If you're a nature lover and looking for a quiet, very simple, rustic place to get far away to, this is perfect. There's lots of land, trees and flowers, horses (and a colt!), birds (even flitting in and out of the house), bees, mountain bikes, long hikes, desert sun, a great sunny, semi-shade patio, no cell reception (except by a haystack on the property) and purposefully, no wifi.
Ricardo and his family were wonderful. We had missed an opportunity to stay at Paipai months back due to raining out and they kindly gave us a free weekend to come again which we happily accepted. Ricardo waited for us after a long traffic jam and late arrival so patiently, leading us from Puerto Nuevo through the pretty intense mountainous road in the dark. (Yes, a car with clearance/SUV/truck and a driver with nerves of steel would be a must).
The place has wood beamed ceilings, tin roofs, dusty skylights, a bunch of old school decorations, old books and magazines, and probably original furniture and gas and butane appliances from the early mid-20th century. (Like if you want ice, request it and it will be brought in a block in a cooler.) Paipai likely hasn't been renovated in many decades so it's like going back in time. (Kumai seemed a bit newer but with less room, and I think they are building a new house as well.)
The next morning, we hiked half an hour through views and horse ranches to the local restaurant, El Vareñero, with a dirt floor with adorable owners. They served amazing birria (goat & bean stew) eggs with salad, beans & handmade tortillas (they grow their own corn), and much needed cold beers and hibiscus (jamaica) iced tea. We made friends with the local characters (one, a race car driver of the Baja 500), and rented horses from the restaurant (150 pesos/$8 USD each) to get us more than half of the way back to Rancho Callado.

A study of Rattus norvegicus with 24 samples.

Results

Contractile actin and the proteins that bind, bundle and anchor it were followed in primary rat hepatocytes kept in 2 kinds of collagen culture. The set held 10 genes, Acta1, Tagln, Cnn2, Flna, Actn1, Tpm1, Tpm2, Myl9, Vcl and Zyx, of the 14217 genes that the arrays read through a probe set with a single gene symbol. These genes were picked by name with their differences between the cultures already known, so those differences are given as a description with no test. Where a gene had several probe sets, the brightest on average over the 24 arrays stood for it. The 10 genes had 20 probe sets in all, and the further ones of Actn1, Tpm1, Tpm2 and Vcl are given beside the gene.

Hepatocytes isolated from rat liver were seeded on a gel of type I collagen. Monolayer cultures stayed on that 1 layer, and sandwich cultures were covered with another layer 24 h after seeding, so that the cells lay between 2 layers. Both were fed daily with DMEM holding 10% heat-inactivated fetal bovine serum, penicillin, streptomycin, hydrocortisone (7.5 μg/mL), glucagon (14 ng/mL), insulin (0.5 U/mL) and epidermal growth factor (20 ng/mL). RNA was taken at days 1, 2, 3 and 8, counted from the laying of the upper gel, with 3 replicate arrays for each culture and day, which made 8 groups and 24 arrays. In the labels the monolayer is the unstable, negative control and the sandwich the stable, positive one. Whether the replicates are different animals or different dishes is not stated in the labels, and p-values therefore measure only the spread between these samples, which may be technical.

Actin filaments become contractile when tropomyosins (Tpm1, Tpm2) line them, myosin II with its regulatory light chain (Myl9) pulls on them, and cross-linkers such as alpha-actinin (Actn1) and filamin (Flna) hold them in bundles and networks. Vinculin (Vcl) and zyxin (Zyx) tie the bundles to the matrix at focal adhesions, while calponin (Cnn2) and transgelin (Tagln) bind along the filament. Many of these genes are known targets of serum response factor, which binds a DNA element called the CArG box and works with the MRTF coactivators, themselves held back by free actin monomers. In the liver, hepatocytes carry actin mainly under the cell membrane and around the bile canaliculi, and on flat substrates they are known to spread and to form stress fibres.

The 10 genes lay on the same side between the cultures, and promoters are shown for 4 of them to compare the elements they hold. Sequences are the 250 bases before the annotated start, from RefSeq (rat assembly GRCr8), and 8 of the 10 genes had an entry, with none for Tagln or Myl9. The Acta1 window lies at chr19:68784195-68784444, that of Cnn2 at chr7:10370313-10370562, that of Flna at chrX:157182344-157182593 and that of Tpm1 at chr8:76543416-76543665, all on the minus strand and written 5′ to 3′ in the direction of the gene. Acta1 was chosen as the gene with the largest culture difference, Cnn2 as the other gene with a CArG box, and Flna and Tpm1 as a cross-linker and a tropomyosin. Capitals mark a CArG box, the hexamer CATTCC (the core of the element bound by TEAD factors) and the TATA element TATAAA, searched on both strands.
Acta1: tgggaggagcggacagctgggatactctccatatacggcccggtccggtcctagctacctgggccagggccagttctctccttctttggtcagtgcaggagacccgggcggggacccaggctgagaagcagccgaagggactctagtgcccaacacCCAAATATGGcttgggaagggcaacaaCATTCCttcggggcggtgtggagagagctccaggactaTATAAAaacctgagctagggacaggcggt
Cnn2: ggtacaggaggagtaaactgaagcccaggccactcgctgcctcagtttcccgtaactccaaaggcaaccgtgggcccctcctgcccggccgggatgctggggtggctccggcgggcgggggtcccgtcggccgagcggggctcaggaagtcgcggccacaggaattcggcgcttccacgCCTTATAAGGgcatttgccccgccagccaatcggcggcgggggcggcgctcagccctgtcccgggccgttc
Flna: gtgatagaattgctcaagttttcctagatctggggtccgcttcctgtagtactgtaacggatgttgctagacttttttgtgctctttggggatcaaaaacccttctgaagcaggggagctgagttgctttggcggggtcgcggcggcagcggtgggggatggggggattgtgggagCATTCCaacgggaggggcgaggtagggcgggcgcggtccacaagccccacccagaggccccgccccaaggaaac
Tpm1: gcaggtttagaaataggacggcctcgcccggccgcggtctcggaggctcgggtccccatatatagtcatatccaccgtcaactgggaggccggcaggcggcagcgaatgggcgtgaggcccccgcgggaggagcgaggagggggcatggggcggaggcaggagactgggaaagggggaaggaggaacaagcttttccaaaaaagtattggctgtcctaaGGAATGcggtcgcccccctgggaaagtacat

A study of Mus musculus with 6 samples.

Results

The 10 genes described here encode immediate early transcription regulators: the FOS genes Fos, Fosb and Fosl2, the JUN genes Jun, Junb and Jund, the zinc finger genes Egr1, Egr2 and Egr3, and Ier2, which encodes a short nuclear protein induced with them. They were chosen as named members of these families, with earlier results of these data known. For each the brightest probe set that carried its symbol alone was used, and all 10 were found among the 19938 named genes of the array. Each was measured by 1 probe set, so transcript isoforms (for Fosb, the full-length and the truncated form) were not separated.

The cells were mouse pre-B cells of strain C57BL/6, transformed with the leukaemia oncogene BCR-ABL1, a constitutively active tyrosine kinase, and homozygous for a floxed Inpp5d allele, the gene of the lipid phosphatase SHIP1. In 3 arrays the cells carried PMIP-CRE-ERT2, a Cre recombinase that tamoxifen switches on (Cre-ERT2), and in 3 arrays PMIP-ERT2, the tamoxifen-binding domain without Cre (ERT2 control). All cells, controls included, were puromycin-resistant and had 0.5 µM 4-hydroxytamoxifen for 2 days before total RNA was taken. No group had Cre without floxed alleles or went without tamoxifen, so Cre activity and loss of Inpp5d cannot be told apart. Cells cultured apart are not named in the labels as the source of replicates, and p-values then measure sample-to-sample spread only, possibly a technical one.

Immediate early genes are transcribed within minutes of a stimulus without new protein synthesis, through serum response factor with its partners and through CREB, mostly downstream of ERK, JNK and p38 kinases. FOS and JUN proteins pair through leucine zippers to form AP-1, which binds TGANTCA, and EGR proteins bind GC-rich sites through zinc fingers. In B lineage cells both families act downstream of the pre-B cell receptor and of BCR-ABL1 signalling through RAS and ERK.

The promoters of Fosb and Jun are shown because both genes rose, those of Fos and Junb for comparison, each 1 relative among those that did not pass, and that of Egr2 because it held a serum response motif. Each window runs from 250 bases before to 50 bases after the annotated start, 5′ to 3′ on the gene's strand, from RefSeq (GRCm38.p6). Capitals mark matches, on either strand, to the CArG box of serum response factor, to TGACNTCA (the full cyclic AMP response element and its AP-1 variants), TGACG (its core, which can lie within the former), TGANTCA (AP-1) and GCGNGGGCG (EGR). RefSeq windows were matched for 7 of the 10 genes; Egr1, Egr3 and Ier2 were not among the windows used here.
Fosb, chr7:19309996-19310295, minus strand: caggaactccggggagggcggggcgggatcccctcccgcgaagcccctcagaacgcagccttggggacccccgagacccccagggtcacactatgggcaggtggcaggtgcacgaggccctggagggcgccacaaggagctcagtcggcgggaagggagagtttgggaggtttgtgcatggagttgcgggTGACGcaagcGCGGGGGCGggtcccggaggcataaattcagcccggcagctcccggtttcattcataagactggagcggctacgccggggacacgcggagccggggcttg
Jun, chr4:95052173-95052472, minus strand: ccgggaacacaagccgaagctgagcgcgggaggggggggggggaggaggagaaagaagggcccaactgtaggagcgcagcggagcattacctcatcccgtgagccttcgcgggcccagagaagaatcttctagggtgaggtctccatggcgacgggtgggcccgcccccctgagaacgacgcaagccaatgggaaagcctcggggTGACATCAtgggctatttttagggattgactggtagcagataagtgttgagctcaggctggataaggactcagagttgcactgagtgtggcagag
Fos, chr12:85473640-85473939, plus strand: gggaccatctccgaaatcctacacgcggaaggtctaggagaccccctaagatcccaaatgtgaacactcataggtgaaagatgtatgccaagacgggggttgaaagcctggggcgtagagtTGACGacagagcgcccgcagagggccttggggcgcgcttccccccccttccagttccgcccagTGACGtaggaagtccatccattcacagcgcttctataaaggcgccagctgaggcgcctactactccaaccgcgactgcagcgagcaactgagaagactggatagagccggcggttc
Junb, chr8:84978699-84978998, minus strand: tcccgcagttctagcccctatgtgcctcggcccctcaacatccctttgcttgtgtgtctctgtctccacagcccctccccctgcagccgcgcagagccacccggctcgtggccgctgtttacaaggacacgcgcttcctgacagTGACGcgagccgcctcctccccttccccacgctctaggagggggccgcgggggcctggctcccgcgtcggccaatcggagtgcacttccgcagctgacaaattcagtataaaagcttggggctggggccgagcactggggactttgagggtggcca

In the evening, Ricardo, a lovely and active gentleman whose English is perfect, brought us bottled water for the cooler, ice for our drinks, and started an oak wood fire for us to barbecue our dinner. We ate, watched the horses frolic as the sun set, and Ricardo returned later and quietly started a bonfire, giving us sticks for marshmallows. The following morning, it was breakfast and yoga on the patio. We felt privacy and still checked up on.
By the way, they don't have a hot tub, but just a regular bathtub with shower (and hot water.) They have a swing set/climbing frame and bikes for kids outside Paipai.
If you are afraid of bugs, spiders, high rocky roads, are a clean freak, or need something fancy (a big TV/wifi/cell service), this might not be your thing. But if you want to see stars, spend time with the people you came with, do some dancing, lounging, sunning or reading, and get away from everything, this is great.